Dr. Kristen Zuloaga Receives American Heart Association Award for Study of Link Between Pre-Diabetes and Vascular Cognitive Impairment

Zuloaga

Dr. Kristen Zuloaga

NSCI’s research scientist, Dr. Kristen Zuloaga has been awarded a four year grant from the American Heart Association for her study of the relationship between pre-diabetes and vascular cognitive impairment, which is the second most common cause of dementia. Dr. Zuloaga is also analyzing the potential results for each sex. She is looking at aromatase expression and how this affects cognition in male vs. female. Aromatase inhibitors are often used for treating breast cancer. Understanding this relationship could have important clinical implications. See full project summary below:

Vascular cognitive impairment (VCI) is the second most common cause of dementia. Diabetes increases VCI risk,an effect that has largely been attributed to vascular dysfunction caused by diabetes. Prediabetes, impaired glucose tolerance in the absence of hyperglycemia, is increasingly recognized as its own disease state and is also associated with endothelial dysfunction. Our preliminary data show that prediabetes, modeled by high fat (HF) diet in mice, causes cerebral hypoperfusion and cognitive deficits, suggesting that prediabetes may also increase risk of VCI. There is a sex difference in cardiovascular disease risk, as pre-menopausal women are normally at decreased risk compared to age-matched men. However, this sex differences is reversed in diabetes, suggesting that endogenous sex steroid pathways may be altered in these women. In both sexes, a major source of estrogen is local synthesis of estradiol by the enzyme aromatase in a variety of cells, including endothelial cells. We have shown that inhibition of aromatase drastically impairs endothelial function in female mice, but not male mice. Aromatase inhibition also impairs learning and memory, with effects being more pronounced in females. In addition, brain aromatase levels have been shown to be drastically decreased in women with Alzheimers disease. However, the role of aromatase in VCI and the mechanism by which prediabetes can alter its expression has yet to be explored. We will test the hypothesis that in a mouse model of VCI, HFD/prediabetes will cause increased cerebral hypoperfusion and cognitive deficits in females compared to males due to decreased endothelial aromatase expression. We will utilize unilateral common carotid artery occlusion (UCCAO) to model VCI. In aim 1, we will determine there are sex differences in the effects of HF diet on cerebral perfusion and cognitive deficits following UCCAO. In aim 2, we will determine if HF diet-induced alterations in cerebrovascular vasodilator production are due to decreases in endothelial aromatase. Finally, in aim 3, we will determine if endothelial aromatase deficiency causes cerebral hypoperfusion and increase cognitive deficits following UCCAO in a sex-specific manner and if aromatase overexpression can rescue endothelial vasodilator production in HF diet mice. This project has important clinical implications since aromatase inhibitors, which are a common therapeutic for breast cancer, have been linked to impaired cognition in women.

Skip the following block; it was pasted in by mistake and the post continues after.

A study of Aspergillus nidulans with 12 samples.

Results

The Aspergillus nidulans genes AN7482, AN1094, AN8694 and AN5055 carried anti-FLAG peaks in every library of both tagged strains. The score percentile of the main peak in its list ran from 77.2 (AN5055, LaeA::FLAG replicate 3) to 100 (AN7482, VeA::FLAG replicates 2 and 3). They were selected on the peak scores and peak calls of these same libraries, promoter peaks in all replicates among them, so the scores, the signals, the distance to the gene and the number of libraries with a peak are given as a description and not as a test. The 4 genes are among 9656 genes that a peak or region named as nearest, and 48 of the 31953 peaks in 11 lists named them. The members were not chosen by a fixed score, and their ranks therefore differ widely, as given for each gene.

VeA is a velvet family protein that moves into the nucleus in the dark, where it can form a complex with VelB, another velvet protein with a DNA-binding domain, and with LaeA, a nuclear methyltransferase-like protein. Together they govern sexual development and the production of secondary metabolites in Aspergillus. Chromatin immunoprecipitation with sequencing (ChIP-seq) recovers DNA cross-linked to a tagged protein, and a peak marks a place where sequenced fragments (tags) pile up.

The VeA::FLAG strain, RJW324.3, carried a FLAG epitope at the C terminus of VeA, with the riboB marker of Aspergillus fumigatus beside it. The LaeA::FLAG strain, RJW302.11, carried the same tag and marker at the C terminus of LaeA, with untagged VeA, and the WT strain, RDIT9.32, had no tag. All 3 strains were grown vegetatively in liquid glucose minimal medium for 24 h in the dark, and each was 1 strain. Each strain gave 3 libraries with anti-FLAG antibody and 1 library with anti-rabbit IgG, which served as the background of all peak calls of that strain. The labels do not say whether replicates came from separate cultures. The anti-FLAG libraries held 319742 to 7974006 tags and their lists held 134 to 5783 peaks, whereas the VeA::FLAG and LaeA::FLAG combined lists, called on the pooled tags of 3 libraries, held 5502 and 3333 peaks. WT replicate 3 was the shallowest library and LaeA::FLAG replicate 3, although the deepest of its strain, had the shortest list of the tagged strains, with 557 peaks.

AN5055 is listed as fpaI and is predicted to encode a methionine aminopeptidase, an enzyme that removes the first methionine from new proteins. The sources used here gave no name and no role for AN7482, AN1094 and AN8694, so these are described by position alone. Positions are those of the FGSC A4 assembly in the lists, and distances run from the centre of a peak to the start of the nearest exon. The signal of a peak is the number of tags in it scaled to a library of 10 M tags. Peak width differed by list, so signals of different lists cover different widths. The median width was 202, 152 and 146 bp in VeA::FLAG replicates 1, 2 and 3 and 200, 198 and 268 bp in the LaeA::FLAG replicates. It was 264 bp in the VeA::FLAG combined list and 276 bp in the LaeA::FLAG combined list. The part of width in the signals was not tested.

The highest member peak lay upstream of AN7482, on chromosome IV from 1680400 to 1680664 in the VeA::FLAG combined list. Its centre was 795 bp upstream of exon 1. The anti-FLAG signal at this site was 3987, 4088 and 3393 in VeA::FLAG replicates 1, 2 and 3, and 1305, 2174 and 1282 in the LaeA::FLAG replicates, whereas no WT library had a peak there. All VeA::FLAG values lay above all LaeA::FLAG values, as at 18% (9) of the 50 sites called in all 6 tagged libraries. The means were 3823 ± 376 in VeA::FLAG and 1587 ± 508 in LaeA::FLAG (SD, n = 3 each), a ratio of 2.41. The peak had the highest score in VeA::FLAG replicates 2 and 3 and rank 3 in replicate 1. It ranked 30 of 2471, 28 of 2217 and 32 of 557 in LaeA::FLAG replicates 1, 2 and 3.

Kristen obtained her PhD in biomedical sciences in 2011.  Her graduate work focused on the effects of sex hormones on cerebrovascular inflammation. Next, as a postdoc at Oregon Health and Science University under the mentorship of Dr. Nabil Alkayed, she examined how sex differences in cerebrovascular function influence stroke outcome and contribute to vascular dementia.